Learning beneficiary IRA rules can help you avoid any problems with how an IRA withdrawal is handled. The IRA has very specific rules about how beneficiary payments are handled. Here are the basics of IRA beneficiary rules and how to handle them.
When you own an IRA, you should name a beneficiary for your account as soon as possible. If something happens to you without a beneficiary named, the process of getting the funds where they need to go can be tricky. Naming a beneficiary eliminates any doubt as to what should happen with the funds. You can even name multiple beneficiaries if you want. For example, you could put your spouse and your children as beneficiaries of the account. In that case, you will need to specify a percentage of the account that each beneficiary will receive as well.
You do not have to name a beneficiary on your IRA until you reach the age of 70 1/2. At that point, the government requires you to name someone as a beneficiary. You are also free to change your beneficiaries at any time. If something in your personal life changes and you want to remove or add a beneficiary, it is as simple as filling out a form with your IRA custodian.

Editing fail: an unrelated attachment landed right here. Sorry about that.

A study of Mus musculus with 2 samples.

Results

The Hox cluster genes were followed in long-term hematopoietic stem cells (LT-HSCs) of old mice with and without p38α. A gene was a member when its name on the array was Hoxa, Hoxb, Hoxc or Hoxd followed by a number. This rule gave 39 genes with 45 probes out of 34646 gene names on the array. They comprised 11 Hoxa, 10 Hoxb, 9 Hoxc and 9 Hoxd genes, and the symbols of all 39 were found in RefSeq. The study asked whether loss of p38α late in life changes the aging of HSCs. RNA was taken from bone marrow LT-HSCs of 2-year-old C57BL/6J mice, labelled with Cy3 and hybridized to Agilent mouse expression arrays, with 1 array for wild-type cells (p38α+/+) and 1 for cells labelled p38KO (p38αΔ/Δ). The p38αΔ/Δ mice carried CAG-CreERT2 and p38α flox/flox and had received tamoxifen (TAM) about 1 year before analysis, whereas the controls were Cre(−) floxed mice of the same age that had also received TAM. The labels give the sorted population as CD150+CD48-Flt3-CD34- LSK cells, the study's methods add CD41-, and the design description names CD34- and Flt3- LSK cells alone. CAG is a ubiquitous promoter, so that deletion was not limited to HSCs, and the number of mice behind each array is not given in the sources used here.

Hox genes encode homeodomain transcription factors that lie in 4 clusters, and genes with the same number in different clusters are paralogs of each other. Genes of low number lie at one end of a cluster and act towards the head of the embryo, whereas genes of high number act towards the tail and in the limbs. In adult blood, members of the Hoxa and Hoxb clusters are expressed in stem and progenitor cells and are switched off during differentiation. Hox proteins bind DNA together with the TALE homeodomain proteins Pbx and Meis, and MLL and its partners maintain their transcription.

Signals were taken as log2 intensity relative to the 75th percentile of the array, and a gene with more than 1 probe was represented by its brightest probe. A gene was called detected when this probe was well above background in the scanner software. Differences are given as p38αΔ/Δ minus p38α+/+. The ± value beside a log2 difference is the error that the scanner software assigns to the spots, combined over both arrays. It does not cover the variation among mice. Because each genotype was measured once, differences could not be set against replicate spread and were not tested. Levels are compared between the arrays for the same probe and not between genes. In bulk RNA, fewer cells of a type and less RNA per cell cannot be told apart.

When the owner of an IRA passes away, the beneficiary will then gain ownership of the IRA. However, they may not be able to cash it in immediately without paying a penalty. In most cases, the money will be transferred to a new IRA account known as an inherited IRA. These are also sometimes referred to as beneficiary IRAs. This is a new account in the beneficiary's name and gives them control over the funds but not immediate access to them. Doing this transfer into a new IRA will allow the funds to keep their tax-advantaged status and prevent any large tax bills.
If the beneficiary of the IRA is a spouse, they also have another choice. They are free to put the money into an inherited IRA. However, they can also treat the money in the IRA as if it was theirs. They can transfer the money from the original IRA into their IRA without any penalty. Then the money is officially part of their account and normal IRA rules apply. Once they reach the age of 59 1/2, they are free to start taking withdrawals from the account. Once they reach the age of 70 1/2, they are required to take a minimum distribution each year.
With an inherited IRA, you should also know that contributions to the account are not allowed. Therefore, if you wanted to keep depositing money into the account, you would not be able to. You can only withdraw from an inherited IRA. If you are a spouse, you can roll the funds into your IRA and continue making contributions. Otherwise, you would not be able to do so.